Last season’s shortened dash to the finish line was so unique, many players around the NHL who started poorly didn’t have a chance to step back and catch their breath.
“It just felt like you were clawing away all year long and couldn’t quite grab hold,” coach Mike Yeo said regarding the Wild’s Exhibit A of this — veteran center Kyle Brodziak.
Two seasons ago, Brodziak scored a career-high 22 goals, and was the Wild’s leading goal scorer when the team stood atop all 30 NHL teams in mid-December. But it was the hustle, work ethic, reliable defensive play and escalating leadership that caused Chuck Fletcher to extend the contract of the first player he ever traded for as general manager in 2009.
But last year, Brodziak had only eight goals and four assists in the 48-game season and most glaringly was minus-18 — fifth worst in the NHL. As a checking-line center, the Wild needed Brodziak to help shut down opposing top lines and be, as Yeo says, “hard to play against.”
Brodziak, 29, developed pneumonia last winter, lost 15 pounds and “the energy level, obviously, wasn’t there. But that was just the beginning of the year. I was able to get through it and get the weight back on but didn’t ever really fully recover my game.”
Thursday, when the Wild took the ice for the first day of training camp, Yeo pulled Brodziak aside.
“My message to him is he does not need to apologize for last season,” Yeo said. “Now, are we hoping for a little bit more? For sure we are, there’s no question. … He has a huge role on our team, I think he looks great, he’s really taken care of himself and the biggest thing for him and for us right now is just making sure his confidence is high.”
Brodziak spent the offseason trying to regroup. The former Oiler was excited to make the playoffs for the first time in his eight-year career but felt all summer that the Wild “didn’t really achieve what we were capable of achieving” and was especially disappointed with his play.
“It’s a new year,” Brodziak said, his beard in midseason form. “It’ll be nice to get back to a little bit more of a normal schedule. If you feel your game has dropped off, at least there will be some practice time to build it back up. That’s the same for the team. We’re going to have a lot more time to dial in where we need to be and where we want to be to be a good team.”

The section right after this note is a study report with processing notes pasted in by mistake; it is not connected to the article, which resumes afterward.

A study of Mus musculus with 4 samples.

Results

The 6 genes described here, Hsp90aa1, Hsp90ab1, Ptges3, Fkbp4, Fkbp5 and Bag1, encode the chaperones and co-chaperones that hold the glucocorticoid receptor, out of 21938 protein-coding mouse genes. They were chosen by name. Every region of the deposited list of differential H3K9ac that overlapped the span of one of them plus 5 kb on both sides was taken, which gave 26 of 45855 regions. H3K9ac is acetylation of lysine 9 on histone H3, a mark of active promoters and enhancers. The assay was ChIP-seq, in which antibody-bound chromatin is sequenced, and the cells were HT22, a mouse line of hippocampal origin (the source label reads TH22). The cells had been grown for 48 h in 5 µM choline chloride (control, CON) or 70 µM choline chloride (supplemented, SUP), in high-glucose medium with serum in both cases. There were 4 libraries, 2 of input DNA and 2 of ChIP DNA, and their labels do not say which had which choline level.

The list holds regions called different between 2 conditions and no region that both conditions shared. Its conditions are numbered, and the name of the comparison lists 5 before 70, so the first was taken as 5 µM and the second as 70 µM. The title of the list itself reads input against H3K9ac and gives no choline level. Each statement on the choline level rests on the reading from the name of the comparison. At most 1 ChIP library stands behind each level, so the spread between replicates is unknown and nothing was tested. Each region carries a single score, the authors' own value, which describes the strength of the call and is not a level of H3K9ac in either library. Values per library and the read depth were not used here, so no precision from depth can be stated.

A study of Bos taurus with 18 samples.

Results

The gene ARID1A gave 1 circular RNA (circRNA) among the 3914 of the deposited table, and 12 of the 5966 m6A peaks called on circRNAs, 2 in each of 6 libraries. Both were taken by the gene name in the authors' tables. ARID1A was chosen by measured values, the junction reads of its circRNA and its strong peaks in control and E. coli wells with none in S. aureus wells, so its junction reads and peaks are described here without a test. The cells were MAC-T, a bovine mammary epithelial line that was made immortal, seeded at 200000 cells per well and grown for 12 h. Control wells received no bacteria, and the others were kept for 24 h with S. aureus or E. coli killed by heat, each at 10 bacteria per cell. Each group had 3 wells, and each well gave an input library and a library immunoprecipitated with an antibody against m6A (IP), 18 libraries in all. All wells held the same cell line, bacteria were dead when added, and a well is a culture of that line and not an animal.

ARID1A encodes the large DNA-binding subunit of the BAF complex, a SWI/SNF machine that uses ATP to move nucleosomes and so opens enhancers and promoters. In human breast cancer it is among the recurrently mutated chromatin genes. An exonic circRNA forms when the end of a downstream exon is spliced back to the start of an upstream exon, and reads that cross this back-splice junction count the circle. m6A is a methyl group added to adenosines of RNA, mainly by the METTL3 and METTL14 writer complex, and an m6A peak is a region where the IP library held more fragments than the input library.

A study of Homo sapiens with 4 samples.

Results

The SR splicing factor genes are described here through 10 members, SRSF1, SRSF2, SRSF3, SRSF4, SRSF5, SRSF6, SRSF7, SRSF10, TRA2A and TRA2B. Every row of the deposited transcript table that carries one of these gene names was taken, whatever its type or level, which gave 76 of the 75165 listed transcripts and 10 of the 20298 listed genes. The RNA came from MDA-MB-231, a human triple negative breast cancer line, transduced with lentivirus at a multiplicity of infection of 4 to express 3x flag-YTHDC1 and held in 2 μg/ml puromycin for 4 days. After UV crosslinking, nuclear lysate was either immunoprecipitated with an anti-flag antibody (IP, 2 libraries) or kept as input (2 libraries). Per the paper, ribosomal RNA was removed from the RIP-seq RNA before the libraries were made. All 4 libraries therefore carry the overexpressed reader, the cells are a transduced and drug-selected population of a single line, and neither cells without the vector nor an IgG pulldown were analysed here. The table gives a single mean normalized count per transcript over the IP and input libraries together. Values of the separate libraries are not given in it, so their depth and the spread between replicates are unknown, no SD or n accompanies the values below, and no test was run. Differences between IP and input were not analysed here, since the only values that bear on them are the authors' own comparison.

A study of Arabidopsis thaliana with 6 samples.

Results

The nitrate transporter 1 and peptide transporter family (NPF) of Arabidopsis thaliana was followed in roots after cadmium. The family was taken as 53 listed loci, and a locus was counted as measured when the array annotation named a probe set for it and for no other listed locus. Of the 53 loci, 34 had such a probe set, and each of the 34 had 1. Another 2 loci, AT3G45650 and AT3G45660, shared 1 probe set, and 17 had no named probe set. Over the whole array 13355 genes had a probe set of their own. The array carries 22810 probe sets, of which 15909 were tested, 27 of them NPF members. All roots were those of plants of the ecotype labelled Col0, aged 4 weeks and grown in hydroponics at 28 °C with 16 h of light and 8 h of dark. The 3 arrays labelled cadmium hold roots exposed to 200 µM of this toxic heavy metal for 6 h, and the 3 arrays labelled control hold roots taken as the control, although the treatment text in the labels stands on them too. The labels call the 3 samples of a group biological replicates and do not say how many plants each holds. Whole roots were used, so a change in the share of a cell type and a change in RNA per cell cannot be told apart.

In June, Brodziak’s longtime linemate Cal Clutterbuck was traded to the Islanders.
“It was kind of a tough situation,” Brodziak said. “He gets traded, and I don’t think either of us really felt we had a good year last year. As a centerman, when your winger gets traded and you don’t have that good of a year, you kind of feel a little bit responsible.”
Yeo envisions newly signed Matt Cooke, 65 games short of 1,000 in his career, as Brodziak’s new left winger. In Pittsburgh, Cooke developed into a strong checking-line winger and penalty killer.
Before Jordan Staal was traded to Carolina, Cooke skated with Staal and Tyler Kennedy, and they were valuable during Pittsburgh’s road to the Stanley Cup in 2009.
“We’d play against [Detroit’s Henrik] Zetterberg and [Pavel] Datsyuk and make them play in their own end the whole time, tiring them out,” Cooke said. “We’d spend 30 seconds in there and they’d have to get the puck, dump it in and change where they were not even trying to score a goal.
“That’s what Brodzy and I have to do. Brodzy’s a good skater, works hard, and while he’s not enormous, he has a big-body presence. I think it’s very important to play our role well.”
The first thing Brodziak noticed about Cooke was his speed. They played on a line with Torrey Mitchell in Friday’s scrimmage, the line buzzed and Brodziak scored a goal.
“[Cooke’s] a very fast skater,” Brodziak said. “Obviously, everybody knows he can be a pretty good agitator, he’s going to play physical. He’s a smart player. We’re going to be a tough line to play against.
“We’re both capable of skating, playing physical, we both think the game pretty well and hopefully we can be an effective line, whoever we play against.”